What do I need to know about interest-only loans?


Yes, it's true: interest-only loans are starting to become a serious consideration for first home buyers and investors alike. In fact, the Reserve Bank of New Zealand has revealed that the value of new interest-only lending per month has almost doubled since the start of the year.

With so many people choosing to go interest-only, you might be asking yourself why it's proving so popular. Here's what you need to know about this method of financing: both the pros, and the cons.

The reward

Interest-only loans are particularly popular among investors - though that isn't to say that first- or next-home buyers don't utilise them as well. Because you are only paying off the interest on the loan, your monthly repayments are lower than they would be with a regular principal-and-interest mortgage.

This can be a good strategy for some people, particularly those investing in Auckland. The higher values in the City of Sails mean a larger mortgage and larger repayments: reducing these makes the mortgage more viable. Meanwhile, the property itself takes advantage of the recent strong gains reported across the city by QV.

With the right purchase, your real estate may grow in value enough to offset the higher repayments once the grace period times out.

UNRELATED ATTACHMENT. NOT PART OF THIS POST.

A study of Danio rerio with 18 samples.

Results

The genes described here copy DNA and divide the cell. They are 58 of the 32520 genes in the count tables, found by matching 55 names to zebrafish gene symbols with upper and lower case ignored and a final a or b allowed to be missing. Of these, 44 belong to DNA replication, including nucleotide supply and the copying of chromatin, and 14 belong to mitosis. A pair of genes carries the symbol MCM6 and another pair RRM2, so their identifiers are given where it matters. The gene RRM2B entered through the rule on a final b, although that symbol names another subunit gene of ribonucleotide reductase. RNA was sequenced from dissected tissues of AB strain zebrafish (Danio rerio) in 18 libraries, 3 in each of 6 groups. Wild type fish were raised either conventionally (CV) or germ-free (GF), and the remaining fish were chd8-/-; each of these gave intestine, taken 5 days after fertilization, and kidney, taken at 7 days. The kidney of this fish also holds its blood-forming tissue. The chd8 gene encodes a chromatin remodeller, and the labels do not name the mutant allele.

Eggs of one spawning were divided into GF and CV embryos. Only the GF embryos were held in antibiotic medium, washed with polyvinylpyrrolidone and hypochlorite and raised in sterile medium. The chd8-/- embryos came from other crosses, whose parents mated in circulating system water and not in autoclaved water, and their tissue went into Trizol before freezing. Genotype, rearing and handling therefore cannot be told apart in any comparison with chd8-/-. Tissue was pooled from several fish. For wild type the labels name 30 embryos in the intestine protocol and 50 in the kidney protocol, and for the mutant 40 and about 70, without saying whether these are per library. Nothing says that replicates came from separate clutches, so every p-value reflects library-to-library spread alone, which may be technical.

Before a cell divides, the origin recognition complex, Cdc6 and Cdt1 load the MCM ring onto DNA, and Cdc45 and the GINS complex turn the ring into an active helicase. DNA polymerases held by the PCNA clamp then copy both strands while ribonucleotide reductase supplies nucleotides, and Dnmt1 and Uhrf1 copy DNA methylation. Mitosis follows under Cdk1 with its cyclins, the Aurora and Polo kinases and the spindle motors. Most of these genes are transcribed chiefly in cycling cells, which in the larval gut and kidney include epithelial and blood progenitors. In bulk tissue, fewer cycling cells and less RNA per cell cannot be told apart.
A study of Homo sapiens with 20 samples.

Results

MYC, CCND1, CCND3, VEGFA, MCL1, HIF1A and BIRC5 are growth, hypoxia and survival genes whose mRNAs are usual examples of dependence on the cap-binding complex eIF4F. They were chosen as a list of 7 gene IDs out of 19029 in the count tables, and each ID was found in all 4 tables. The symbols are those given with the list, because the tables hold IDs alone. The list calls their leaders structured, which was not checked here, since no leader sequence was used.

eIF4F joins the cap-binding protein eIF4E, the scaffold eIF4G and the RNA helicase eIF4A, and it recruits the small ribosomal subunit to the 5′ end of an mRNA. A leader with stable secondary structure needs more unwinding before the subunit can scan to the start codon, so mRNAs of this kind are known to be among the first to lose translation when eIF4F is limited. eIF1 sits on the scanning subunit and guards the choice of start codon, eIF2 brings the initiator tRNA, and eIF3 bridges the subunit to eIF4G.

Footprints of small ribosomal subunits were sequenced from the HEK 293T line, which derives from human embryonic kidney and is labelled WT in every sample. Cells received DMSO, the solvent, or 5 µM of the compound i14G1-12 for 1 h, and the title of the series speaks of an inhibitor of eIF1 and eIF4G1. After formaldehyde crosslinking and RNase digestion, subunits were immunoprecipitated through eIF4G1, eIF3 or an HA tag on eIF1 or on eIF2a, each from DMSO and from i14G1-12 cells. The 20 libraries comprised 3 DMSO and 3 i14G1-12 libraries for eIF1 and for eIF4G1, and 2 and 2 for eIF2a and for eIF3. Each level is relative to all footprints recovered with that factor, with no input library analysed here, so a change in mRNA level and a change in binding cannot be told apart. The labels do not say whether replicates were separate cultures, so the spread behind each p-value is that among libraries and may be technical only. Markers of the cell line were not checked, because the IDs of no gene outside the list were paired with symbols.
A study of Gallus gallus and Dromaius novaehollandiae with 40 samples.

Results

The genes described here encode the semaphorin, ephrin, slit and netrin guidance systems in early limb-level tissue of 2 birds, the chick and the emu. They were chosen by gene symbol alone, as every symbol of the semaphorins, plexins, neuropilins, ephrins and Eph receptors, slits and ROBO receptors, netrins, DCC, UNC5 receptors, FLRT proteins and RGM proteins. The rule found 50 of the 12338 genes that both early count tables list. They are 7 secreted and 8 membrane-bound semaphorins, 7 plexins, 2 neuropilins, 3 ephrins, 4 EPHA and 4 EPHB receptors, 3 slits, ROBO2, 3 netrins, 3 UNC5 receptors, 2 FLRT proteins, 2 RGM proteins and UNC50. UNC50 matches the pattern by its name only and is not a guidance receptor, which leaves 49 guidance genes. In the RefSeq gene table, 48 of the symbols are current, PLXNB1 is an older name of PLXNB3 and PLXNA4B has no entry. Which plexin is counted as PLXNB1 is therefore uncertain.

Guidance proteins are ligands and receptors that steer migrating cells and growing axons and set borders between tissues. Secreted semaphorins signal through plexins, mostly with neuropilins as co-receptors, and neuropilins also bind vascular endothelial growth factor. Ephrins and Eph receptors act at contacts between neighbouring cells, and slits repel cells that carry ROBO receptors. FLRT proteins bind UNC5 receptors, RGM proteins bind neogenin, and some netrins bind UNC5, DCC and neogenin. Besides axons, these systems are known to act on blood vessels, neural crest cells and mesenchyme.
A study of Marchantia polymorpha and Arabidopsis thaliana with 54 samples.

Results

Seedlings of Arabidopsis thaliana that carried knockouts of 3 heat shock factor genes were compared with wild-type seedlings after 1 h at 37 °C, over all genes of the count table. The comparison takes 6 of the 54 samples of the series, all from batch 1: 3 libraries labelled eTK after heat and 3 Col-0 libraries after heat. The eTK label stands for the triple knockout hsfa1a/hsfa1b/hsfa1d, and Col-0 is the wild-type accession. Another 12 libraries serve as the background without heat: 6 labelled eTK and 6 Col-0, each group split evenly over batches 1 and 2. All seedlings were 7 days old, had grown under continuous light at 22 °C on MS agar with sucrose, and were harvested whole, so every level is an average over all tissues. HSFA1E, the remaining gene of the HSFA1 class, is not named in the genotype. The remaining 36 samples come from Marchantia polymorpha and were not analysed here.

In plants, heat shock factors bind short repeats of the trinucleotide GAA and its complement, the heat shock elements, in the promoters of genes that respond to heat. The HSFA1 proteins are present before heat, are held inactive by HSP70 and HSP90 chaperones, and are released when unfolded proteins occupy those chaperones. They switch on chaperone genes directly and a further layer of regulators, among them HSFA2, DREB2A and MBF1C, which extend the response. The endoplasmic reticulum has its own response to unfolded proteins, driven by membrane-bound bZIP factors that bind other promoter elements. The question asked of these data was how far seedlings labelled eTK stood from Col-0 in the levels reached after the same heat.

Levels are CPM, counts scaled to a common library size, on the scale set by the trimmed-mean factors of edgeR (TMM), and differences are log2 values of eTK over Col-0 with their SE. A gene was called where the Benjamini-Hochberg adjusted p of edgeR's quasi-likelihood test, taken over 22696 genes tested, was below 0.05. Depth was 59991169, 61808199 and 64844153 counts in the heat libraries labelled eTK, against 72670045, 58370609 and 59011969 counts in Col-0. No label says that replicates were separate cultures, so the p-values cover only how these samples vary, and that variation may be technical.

The risk

Without the right advice, it can be a dangerous gambit. Interest-only loans should be considered as a single tool among many - it is not a silver bullet for affordability issues. Furthermore, you have to remember that while interest-only loans are available to a lot of people, you do still have to fulfil certain criteria: You have to have 20 to 30 per cent equity in your current loan (so a 20 per cent deposit at a minimum for a new purchase).However, it is these higher repayments that could end up being a stone in the shoe of an interest-only mortgagee. By taking on this kind of loan, you are relying on receiving more income by the time the principal payments kick back in, either through employment or through your investments. Interest-only terms last a maximum of 10 years, depending on the lender, so you can't rely on it for the whole lifetime of your mortgage.

Ultimately, an interest-only loan could be right for your needs, but it always pays to explore all your options that may be more risk-free before committing fully to the idea. 

That's where Squirrel comes in. We have years of experience in matching Kiwis with the right loan, interest-only or otherwise. If you're considering taking on a new mortgage, come and speak to us first for impartial advice on which financing option is right for you.